The Harm of School Shutdowns


Most public schools were shut down last year. Everyone knows this wasn’t good for children, but what harm was actually done? Studies have confirmed our worst fears about rising rates of suicide, drug abuse, and emotional illness, but what about the loss of education? Now we know how bad that was, too.

The Wall Street Journal editorial board reports a new analysis done by McKinsey and Company which quantifies the extent of the harm to education of our children. The consulting firm examined spring 2021 test results for 1.6 million students in grades 1 through 6 across the country, then compared their performance with that of similar students pre-pandemic. They discovered that the pandemic-era children were, on average, about four months behind in reading and five months behind in math.

As bleak as those numbers are, McKinsey says these numbers, “likely represent an optimistic scenario.” The results measure “outcomes for students who took interim assessments in the spring in a school building – and thus excludes students who remained remote throughout the entire school year, and who may have experienced the most disruption to their schooling.” 

Who is most affected by this harm?

The McKinsey study found that children in majority black schools ended the school year a full six months behind in math and reading on average. Students in schools where the average household income was below $25,000 were seven months behind in math and six months behind in reading.

McKinsey went on to note that “students who move on to the next grade unprepared are missing key building blocks of knowledge that are necessary for success,” and “students who repeat a year are much less likely to complete high school” and attend college. Without “immediate and sustained interventions,” the report predicts the lost learning could slash lifetime earnings by $49,000 to $61,000 on average. The WSJ believes these numbers are probably too low and the damage will be worse than average for millions.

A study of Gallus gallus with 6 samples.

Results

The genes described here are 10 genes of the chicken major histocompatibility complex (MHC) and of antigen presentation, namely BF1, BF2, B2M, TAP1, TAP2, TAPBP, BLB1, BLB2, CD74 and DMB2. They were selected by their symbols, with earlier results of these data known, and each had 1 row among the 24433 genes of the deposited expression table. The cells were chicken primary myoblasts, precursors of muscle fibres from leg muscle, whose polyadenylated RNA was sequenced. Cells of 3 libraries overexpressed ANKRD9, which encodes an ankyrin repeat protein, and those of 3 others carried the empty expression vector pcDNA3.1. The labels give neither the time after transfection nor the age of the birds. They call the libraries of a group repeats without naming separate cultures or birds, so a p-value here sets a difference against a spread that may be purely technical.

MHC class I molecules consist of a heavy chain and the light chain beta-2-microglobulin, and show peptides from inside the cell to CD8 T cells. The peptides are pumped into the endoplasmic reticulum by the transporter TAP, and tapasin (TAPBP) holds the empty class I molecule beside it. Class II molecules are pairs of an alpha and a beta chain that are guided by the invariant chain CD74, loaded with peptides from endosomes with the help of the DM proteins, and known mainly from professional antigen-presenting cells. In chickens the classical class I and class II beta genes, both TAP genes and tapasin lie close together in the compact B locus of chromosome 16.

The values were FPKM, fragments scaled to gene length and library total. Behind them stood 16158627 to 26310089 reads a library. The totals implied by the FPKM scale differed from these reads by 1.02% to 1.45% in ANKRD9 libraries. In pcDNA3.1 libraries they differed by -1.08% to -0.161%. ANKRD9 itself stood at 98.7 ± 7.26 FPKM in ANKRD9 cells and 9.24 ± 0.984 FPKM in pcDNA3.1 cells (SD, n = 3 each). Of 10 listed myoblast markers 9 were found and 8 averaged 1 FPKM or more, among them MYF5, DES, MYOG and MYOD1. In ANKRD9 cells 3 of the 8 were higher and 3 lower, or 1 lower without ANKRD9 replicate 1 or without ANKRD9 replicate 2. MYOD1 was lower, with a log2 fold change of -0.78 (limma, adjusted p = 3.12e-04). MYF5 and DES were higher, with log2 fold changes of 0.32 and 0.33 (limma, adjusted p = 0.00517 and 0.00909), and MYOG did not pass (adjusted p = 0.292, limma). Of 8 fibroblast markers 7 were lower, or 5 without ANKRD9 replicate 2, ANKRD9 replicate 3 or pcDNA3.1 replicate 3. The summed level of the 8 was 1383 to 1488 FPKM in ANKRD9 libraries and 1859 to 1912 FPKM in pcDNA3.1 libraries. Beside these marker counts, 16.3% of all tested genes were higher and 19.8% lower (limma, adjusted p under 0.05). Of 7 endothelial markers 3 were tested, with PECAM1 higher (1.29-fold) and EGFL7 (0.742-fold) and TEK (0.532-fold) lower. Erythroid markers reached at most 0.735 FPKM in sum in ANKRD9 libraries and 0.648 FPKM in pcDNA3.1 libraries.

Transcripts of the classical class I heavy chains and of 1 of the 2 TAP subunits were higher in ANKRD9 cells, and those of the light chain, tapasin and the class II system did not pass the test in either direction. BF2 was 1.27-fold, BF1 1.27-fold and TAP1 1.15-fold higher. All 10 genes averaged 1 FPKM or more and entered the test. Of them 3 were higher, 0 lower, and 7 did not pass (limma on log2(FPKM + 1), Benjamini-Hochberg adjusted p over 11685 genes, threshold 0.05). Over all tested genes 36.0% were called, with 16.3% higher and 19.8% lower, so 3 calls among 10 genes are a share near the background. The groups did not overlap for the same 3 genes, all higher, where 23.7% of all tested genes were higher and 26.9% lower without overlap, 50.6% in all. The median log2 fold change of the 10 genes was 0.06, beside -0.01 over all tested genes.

Who is most responsible for this tragic undereducation of our children?

The McKinsey study doesn’t place the blame on anyone but the WSJ editors do. They blame the teachers unions calling them “the main architects of this calamity by first refusing to return to the classroom, then insisting on watered-down schedules. The data company Burbio found that, by the end of the spring semester, most students could attend school at least part-time. But due to union demands, the return sometimes amounted to a few days or hours of in-person learning a week.” 

Who is responsible for giving the teachers unions this amount of influence?

President Joe Biden, and his teachers union first lady, are solid supporters of the teachers unions. During his presidential campaign, Biden said to the teachers unions, “When we win this election, we’re going to get the support you need and the respect you deserve. You don’t just have a partner in the White House, you’ll have an NEA member in the White House. And if I’m not listening, I’m going to be sleeping alone in the Lincoln Bedroom.”

In February of 2021, when schools were eager to reopen, new CDC Director Rochelle Walensky announced a recent study by her institute found schools were safe to reopen without vaccinating the teachers. But the White House pushed back against this scientific study – because the teachers unions didn’t approve. Walensky quickly learned that science takes a back seat to political agendas in this White House.

The WSJ notes many affluent parents can pay for tutors or private schools and avoid these tragic undereducation outcomes. But poorer children don’t have such options. They say the solution is more school choice options. I couldn’t agree more.